Brad Penner-USA TODAY Sports

You're looking at it. 

The New York Knicks have hit their rock bottom. That's what a foul on a three-pointer with five seconds to go will get you.

Call me an optimist, but I'm not sure it can get any worse (of course it can). 

The Knicks are 3-8 after blowing what seemed like a 47-minute lead to the Indiana Pacers. And after suffering a bad loss to the Detroit Pistons, a blowout to the Atlanta Hawks and San Antonio Spurs and a crushing defeat to the Houston Rockets, this was a lead the Knicks desperately needed to keep.

But instead, they lost it in one of the sickest ways you'll see all year. 

In terms of team morale, storylines, injuries and a .273 winning percentage—this is the Knicks' rock bottom. 

They're currently in a spot where simply nothing has gone right. With the top two options off their games, a supporting cast offering minimal support and key members of the lineup out with injuries, the Knicks are experiencing a perfect storm of disaster. 

And the eye of that storm is currently hovering over Madison Square Garden. But all storms clear up eventually.

I'm going to play the odds and say that blow the Pacers delivered was the final one—for now. 

Let's not forget who we're dealing with, or lose sight of the fact we're just three weeks into the season.

The nucleus of the Knicks offense is composed of two of the streakiest players on the planet. And at this current moment, they're in the midst of a cold one.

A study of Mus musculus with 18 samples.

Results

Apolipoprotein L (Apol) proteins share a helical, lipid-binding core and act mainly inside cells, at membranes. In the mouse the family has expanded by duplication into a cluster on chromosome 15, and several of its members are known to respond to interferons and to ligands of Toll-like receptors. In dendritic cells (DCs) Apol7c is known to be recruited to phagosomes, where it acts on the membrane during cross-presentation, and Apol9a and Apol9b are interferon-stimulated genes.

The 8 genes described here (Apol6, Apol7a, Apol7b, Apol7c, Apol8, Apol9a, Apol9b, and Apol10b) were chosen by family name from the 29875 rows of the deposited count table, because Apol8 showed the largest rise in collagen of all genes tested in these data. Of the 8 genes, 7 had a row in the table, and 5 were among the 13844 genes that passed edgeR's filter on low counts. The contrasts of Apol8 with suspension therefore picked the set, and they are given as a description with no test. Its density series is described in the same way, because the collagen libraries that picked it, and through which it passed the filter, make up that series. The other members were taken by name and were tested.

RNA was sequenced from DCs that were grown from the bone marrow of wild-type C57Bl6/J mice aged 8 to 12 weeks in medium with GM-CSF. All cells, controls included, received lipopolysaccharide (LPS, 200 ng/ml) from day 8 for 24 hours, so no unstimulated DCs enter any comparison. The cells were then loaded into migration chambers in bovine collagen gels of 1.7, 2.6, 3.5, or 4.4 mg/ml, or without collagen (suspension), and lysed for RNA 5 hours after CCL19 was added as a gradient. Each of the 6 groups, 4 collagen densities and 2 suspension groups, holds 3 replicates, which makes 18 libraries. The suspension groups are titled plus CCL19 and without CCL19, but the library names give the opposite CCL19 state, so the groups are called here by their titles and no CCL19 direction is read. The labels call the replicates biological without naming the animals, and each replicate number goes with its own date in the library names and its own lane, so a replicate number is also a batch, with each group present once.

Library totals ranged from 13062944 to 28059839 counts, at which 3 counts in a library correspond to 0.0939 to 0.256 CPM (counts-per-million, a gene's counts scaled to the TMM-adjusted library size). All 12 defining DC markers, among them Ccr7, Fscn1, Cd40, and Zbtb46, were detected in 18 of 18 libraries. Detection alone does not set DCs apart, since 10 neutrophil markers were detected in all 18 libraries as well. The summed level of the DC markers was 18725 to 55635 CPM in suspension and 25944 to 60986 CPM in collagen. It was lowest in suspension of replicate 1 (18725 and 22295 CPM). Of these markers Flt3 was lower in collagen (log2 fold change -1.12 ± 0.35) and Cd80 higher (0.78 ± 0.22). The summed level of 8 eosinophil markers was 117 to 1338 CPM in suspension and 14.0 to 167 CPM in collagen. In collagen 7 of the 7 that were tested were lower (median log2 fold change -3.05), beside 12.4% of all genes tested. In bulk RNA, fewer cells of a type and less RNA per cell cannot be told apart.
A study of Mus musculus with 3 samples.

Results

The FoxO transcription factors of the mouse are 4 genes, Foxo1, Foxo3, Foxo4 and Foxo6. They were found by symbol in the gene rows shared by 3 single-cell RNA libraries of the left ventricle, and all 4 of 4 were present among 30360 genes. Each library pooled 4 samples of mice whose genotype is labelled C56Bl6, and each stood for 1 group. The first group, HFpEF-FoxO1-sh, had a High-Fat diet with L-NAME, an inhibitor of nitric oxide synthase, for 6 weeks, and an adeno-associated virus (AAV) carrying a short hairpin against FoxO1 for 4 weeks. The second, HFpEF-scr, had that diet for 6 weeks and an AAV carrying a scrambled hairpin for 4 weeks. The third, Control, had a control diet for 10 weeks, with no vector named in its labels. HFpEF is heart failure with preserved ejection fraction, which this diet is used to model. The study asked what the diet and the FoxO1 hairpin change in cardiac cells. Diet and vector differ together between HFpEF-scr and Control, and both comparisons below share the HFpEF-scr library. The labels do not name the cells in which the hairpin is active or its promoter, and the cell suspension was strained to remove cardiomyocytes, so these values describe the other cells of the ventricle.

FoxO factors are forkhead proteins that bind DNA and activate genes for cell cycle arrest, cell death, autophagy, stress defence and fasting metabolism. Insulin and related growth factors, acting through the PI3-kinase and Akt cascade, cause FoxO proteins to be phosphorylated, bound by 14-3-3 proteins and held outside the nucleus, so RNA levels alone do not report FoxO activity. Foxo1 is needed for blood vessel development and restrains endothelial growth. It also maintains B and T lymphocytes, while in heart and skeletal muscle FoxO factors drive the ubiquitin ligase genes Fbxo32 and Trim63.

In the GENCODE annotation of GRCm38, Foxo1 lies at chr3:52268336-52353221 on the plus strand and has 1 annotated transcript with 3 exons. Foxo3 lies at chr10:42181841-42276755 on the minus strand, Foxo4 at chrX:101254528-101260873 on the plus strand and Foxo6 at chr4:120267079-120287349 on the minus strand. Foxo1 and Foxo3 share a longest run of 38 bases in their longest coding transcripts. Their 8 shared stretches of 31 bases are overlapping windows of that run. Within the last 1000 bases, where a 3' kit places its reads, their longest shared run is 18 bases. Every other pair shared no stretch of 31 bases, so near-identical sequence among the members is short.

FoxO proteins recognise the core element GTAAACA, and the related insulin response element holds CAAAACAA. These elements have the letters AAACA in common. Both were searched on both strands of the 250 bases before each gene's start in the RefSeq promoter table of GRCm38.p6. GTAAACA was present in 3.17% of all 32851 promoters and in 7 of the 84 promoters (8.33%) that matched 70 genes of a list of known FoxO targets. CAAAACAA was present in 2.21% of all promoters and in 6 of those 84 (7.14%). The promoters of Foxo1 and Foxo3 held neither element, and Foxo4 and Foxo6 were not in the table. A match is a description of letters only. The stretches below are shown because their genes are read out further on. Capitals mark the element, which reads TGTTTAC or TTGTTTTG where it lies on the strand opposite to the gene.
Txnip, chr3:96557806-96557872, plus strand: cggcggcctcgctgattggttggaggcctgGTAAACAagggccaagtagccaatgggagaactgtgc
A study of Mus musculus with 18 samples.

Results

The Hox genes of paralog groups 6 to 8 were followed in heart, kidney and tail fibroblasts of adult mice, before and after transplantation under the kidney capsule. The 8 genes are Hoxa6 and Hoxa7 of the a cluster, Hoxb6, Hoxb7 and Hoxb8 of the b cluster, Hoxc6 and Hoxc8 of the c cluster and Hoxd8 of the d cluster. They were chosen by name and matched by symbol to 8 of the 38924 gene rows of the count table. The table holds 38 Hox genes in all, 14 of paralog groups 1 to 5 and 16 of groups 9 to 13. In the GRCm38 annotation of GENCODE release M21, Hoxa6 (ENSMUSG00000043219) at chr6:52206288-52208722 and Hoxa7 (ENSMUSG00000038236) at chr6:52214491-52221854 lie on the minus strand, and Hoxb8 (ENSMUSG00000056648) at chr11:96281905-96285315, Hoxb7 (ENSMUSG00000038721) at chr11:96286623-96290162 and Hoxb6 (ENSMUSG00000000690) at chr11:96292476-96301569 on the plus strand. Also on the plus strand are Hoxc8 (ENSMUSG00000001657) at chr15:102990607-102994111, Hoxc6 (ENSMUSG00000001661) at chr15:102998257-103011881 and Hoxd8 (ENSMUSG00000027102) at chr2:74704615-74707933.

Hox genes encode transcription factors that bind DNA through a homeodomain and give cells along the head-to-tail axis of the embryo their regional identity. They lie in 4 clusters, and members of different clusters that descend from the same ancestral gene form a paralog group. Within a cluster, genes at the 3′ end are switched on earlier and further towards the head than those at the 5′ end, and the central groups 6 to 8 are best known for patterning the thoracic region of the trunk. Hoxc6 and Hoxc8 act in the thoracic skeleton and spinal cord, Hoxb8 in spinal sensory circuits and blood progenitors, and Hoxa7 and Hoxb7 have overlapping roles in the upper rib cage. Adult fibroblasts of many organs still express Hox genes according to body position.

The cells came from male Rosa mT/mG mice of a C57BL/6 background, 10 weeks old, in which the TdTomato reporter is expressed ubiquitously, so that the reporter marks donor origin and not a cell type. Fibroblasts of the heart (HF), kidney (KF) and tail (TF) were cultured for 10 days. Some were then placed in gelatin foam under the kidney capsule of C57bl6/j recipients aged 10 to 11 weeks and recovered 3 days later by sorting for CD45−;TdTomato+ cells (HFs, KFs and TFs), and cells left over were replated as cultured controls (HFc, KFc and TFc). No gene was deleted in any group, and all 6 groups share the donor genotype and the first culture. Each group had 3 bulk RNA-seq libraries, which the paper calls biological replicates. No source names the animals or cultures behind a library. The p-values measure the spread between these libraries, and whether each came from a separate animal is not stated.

Maddie Meyer/Getty Images

Carmelo Anthony hasn't been playing well. And no, 30 points on 28 shots isn't playing well at superstar standards. 

This hasn't been his finest stretch. He's shooting just 41.6 percent, down from 44.9 percent a year ago. But 11 games is just a stretch. Anthony has been in the league long enough for us to know that he'll eventually turn it up before likely cooling off again. 

J.R. Smith is no different. We know who he is by now. He's the guy who wins a Sixth Man of the Year award and then shoots 33 percent in the playoffs. So far this season, Smith is at 31 percent, meaning a heat wave is likely on its way.

With Anthony and Smith struggling to make shots, Tyson Chandler and Raymond Felton on the shelf and Iman Shumpert fouling three-point shooters on final possessions, rock bottom shows its face. It's currently the roughest stretch of turbulence of the 82-game flight, and it just happens to have come right after takeoff. 

Is this a cold streak or just a bad team?


When the Knicks' top guns heat up and some of banged-up bodies return, the Knicks are one of those teams capable of rattling off Ws in a hurry. 

I wouldn't get too caught up with their ugly record. At the moment, only five teams in the East are over the .500 mark, so the hole isn't as deep as it appears. Thankfully, teams like the Brooklyn Nets, Cleveland Cavaliers and Washington Wizards have stunk just as much.

And despite the loss to the Pacers, which was absolutely brutal, the Knicks still showed signs of life. Smith had his best shooting night of the year and the team actually stepped it up on defense. 

The punch Indiana delivered to the Knicks was the one that might have knocked them on their backs. But it won't be the one that knocks them out. 

Consider this rock bottom for New York with clearer skies ahead.